The Onion: Has all the pre-release attention [Pi] has received built up a lot of pressure?

Darren Aronofsky: Pressure to get laid, maybe.

O: Well, [Pi]'s not a very commercial movie...

DA: Ah, you're wrong about that, friend!

O: You think [Pi] is a commercial movie?

DA: It's a purely commercial movie. It's the most commercial movie of the summer. You want to hear why? Because the star of the movie is the ideas. They're the same ideas people have been curious about throughout time. Look at The Celestine Prophecy, look at The Bible Code, best-sellers around the world. People want to know why we're here, the meaning of life, who is God, where is God, what is God. Those are the sort of the issues that [Pi] plays with. I think if theater owners aren't wimps and people start to realize the film's interesting themes, we'll get them in the theater.

O: The filmmaking itself is kind of a return to the more visual days of indies, directors like David Lynch. Most independent films these days, if they are confrontational, are almost never stylistically confrontational. It's always the subject matter, like the sex, violence, or language. [Pi] is a full-on sensory assault.

DA: From the beginning, we knew we wanted to make a movie that was completely original, unique, and different, because I think audiences have a sort of hunger after seeing the same Hollywood schlock over and over again. There's always interest in seeing something new. Independent films rarely give that to the audiences anymore. When I was growing up, the films that I liked, movies like A Clockwork Orange--I used to go to midnight screenings of that in Manhattan and get blown away... I always wanted to make a film that was as exciting and challenging as that for an audience. The most important part of the film, and one of the reasons I think it's commercial, is that [Pi] is just a thriller. It's a chase film; it's adrenaline-driven. We wanted to make a roller-coaster ride for 90 minutes, where audiences would just be strapped in and stay glued to their seats. With that goal... If we accomplished the thriller goal, I knew that we could push the themes a bit and push the style. If I had the audience sitting there the whole time wondering where the film was going, I knew I could play with the other stuff.

O: Was the idea from the start to make something both visually arresting and intellectually stimulating?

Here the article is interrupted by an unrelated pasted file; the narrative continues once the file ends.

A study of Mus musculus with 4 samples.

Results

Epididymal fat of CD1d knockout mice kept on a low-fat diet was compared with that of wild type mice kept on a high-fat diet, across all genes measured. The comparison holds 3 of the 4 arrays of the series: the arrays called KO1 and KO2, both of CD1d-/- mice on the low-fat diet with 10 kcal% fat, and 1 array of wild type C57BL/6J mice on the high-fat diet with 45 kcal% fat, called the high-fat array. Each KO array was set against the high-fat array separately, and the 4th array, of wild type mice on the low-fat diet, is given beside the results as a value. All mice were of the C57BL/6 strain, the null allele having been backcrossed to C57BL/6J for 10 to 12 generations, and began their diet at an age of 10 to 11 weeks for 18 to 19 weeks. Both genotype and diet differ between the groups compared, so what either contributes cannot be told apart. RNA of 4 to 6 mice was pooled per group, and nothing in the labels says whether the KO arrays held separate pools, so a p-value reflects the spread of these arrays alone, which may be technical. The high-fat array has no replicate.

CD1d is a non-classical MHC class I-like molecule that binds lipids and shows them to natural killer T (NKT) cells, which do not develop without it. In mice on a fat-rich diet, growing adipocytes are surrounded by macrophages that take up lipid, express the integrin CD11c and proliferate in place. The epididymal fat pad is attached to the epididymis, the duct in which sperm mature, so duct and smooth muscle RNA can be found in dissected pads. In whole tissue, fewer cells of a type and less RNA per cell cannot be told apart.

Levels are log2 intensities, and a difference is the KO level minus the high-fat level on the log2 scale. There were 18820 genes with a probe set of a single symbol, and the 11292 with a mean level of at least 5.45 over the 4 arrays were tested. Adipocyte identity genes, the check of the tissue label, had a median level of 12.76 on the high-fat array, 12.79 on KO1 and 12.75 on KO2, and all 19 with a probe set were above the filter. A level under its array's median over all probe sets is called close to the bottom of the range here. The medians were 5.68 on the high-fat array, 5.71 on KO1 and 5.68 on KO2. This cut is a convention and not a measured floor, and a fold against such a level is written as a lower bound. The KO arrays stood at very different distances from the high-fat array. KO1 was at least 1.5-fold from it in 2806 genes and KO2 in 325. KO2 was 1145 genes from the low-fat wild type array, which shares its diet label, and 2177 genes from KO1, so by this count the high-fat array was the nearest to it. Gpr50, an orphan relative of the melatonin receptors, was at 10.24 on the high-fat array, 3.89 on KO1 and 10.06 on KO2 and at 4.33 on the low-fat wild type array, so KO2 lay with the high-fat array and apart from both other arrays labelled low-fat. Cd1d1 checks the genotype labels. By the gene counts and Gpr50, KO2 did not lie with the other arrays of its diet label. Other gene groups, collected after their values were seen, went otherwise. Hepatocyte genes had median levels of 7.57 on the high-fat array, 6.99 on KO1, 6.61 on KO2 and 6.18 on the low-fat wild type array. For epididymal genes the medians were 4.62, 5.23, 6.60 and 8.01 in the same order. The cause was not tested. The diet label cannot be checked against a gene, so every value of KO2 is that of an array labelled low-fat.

DA: Yeah, we constantly wanted it to be different. We wanted to be visually unlike anything anyone had seen before. That's why we shot in black-or-white as opposed to black-and-white; that's why we fused in all these wild, new types of shots [like the "Heat-Cam" and "Vibrator-Cam"]. We wanted to change film grammar and make choices that were new to the screen.

O: Was that difficult on a low budget?

DA: Oh, yeah. It's a huge challenge. It's much easier to just set up a camera in the corner and play out the scene, but that wasn't gratifying. My favorite types of films make me go, "Wow, that's awesome." We wanted our camera to do that for people. We just stuck it everywhere we could. We were inspired a lot by comic books. The great thing about comic books is that they can stick the "camera" anywhere. There are no budget problems with sticking it 300 feet in the air. So we tried to do that as much as possible.

O: How much did the movie finally cost?

DA: It cost $60,000 to get it to a finished cut. All the shooting, and all the cutting to videotape. It cost more money to get it blown up to 35mm and get it professional-sounding. The film you see on the screen is definitely very low-budget, but it doesn't look that way. It's totally encased in its own visual style, so it works on that [low-budget] level. With favors, though, you could make a movie for nothing. You know, borrow the camera, get the film for free. With [Pi], the actual cost including the favors would be astronomical. It's easily a $2 million movie with all the favors we had, and the crew that worked for deferments. It's a lot of money. That's why it looks like a $2 million movie: It actually was a $2 million movie. But actual dollars spent, cash laid out, is $60,000.

O: Do you think that the "money-first, movie-second" quagmire many young filmmakers must face hinders their creativity?

DA: No, I think it totally expands your creativity. The problem with many big-budget films is that they have the money, and then they're just walking though the moves. I think when you're limited by your resources you have to get more creative. Your boundaries create your reality, and within that reality, you try to turn those limitations into your strengths. The bottom line is that if something doesn't work, you have to cut it. You can't just say, "Well, it was three o'clock in the morning, and my actor was barfing, and it was cold, and that's why it looks like this." You can't do that. Either it works or it doesn't work. Period. The end. So we didn't even want to get into that situation. We basically asked, "What can we do?" And once we knew, we said, "Let's push it as far as we can and make it as exceptional as we can in that direction."

O: Do you already find it a challenge to follow up your first feature?

DA: No, I'm just going to constantly push the edges as much as I can. I have a very big interest in making big Hollywood films, but I want to make sure that they're different and unique. I think any company getting in business with me will expect that of me. I'm not the kind of guy you just hire for a romantic comedy with Julia Roberts. When you're spending other people's money, you have to make some compromises because, you know, it's other people's money. It's always a game of checks and balances. You just have to find the smartest road and make the smartest compromises.